Elon Musk Flip-Flops on Tesla Big Day

The electric vehicle manufacturer is holding its Artificial Intelligence Day, or AI Day, on September 30.

Elon Musk has accustomed his millions of fans to great promises. 

He hasn’t been shy about promising self-driving vehicles for 2018. 

He was back at it in 2018, when he promised that Version 9 of the FSD feature would begin rolling out in August. He did it again during Tesla Autonomy Day in 2019, proclaiming that “a year from now” there would be “over a million cars with full self-driving, software, everything.”

Musk Downplays Expectations

Tesla, which he runs, still doesn’t sell autonomous cars despite having a driver assistance system – Full Self-Driving known as FSD – that allows the vehicle to perform many maneuvers alone. 

“The currently enabled Autopilot, Enhanced Autopilot and Full Self-Driving features require active driver supervision and do not make the vehicle autonomous,” the manufacturer said on its website. “Full autonomy will be dependent on achieving reliability far in excess of human drivers as demonstrated by billions of miles of experience, as well as regulatory approval, which may take longer in some jurisdictions.”

Recently, Musk promised that humans will be able to live on Mars in a few years.

“Humanity will reach Mars in your lifetime,” he told Twitter users last July.

Admittedly, SpaceX, its aerospace company, has made it possible to relaunch the conquest of space and space tourism, but we still seem a long way from the first human camps on the Red Planet. 

The richest man in the world also promised a machine in which we will download our personalities and our memory. 

Basically, making grandiose promises is a kind of hallmark of the whimsical and charismatic entrepreneur. This absence of modesty is the main criticism made of him by his detractors who consider him megalomaniac.

But now the billionaire has just shown modesty, something very rare with him. Indeed, Musk has just tempered expectations for the second edition of Tesla AI day, scheduled for September 30. 

“Note, this event is meant for recruiting AI & robotics engineers, so will be highly technical,” Musk downplayed on Sept.28 on Twitter, with the poster photo of the event.

The next day, he insisted the purpose of the event was to attract talent. Basically, it’s a job fair.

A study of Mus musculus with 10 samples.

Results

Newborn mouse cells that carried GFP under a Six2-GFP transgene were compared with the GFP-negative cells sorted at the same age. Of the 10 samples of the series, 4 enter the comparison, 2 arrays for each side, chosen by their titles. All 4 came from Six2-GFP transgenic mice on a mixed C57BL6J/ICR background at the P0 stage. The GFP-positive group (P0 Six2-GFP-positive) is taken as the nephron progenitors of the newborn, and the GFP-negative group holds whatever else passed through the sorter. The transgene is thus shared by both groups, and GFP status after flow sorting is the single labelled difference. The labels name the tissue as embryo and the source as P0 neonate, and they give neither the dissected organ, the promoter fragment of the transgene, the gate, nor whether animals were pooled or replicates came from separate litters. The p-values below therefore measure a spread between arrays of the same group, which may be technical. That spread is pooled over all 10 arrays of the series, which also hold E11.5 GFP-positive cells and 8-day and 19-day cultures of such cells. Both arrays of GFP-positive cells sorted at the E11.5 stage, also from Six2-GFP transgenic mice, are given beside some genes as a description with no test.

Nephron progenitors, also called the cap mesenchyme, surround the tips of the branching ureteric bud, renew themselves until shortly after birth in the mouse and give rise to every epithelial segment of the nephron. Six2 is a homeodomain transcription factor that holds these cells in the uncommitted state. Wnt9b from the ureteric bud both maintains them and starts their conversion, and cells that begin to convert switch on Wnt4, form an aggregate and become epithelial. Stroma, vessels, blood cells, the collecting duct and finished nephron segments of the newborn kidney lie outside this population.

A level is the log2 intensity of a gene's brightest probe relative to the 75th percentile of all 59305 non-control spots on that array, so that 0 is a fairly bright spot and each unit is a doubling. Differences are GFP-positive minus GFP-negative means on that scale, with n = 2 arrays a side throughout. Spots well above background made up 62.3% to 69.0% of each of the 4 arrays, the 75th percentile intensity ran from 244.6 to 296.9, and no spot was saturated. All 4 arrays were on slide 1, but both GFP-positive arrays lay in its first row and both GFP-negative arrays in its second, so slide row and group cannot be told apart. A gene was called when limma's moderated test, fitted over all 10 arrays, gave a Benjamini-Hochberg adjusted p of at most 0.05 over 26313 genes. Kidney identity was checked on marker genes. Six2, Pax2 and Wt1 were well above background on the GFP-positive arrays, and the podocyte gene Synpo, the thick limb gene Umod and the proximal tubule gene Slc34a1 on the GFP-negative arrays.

“As well as advanced chip & supercomputer engineers for next-gen training & inference,” the chief executive officer added on Sept. 29.

The entrepreneur seems to clearly downplay the expectations around the event. 

“There will be lots of technical detail & cool hardware demos,” Musk responded to a Twitter user who asked him for “hints.”

“Ok cool, so folks don’t expect this event to move markets,” summed up a Twitter user.

AI Day Details

Musk’s statements look like a flip-flop because this event, launched in 2021 to show the group’s progress on artificial intelligence, was originally scheduled for mid-August but the tycoon had postponed it because he wanted to make it a huge event.

“Tesla AI Day pushed to Sept 30, as we may have an Optimus prototype working by then,” Musk announced on Twitter on June 2.

“Tesla AI Day #2 will be epic,” he added.

The announcement had filled his fans with optimism.

“He[re] we go. Record qtr [quarter] for deliveries and profits coming for tesla and AI day! $tsla,” Tesla investor Ross Gerber posted on Twitter on Sept. 28.

Optimus, or Tesla Bot, the humanoid robot developed by Tesla’s AI teams, is supposed to be the star of this event. 

But besides Optimus, Musk is also expected to present the latest developments related to Full Self-Driving (FSD) computer and also Dojo, the supercomputer that FSD might use to improve the brains behind Tesla’s driving systems by analyzing the massive data the automaker has garnered from volunteers.

The event, which is being held in Palo Alto, California, will start at 5 p.m. local time, or PT, (8 p.m. ET) and end at 11 p.m. PT, according to invitations sent to guests. Only the first part should be live streamed.

Musk more or less admitted that the masses were likely to be disappointed by the event when a Twitter user made a summary supposedly anticipating all the reactions.  

The symbol TSLAQ is used on social media by the most extreme critics of Musk and Tesla. They are convinced that the manufacturer of electric vehicles will go bankrupt.

“Pretty much. AI/robotics engineers who understand what problems need to be solved will like what they see,” Musk said on Sept.29. 


The billionaire had said in January that a prototype Optimus would be ready by the end of the year and that Tesla planned to market it from 2023.

“I think actually the most important product development we’re doing this year is actually the Optimus humanoid robot. This, I think, has the potential to be more significant than the vehicle business over time,” the tech tycoon said during the first-quarter-earnings call.

This is a big gamble as Musk has struggled to generate much excitement around Optimus. The Optimus concept is fueled by the mogul’s desire to replace humans with robots in his factories. It was introduced in August 2021, during the first Tesla AI Day. 

Optimus looks like a human in a robot suit, nearly six feet tall and weighing 125 pounds. It will use the same AI systems that helped power Tesla vehicles, Musk said at the time.

The Tesla Bot will assist with repetitive tasks around the factory, the company has said. Tesla wants to produce 20 million vehicles annually, compared to almost one million in 2021.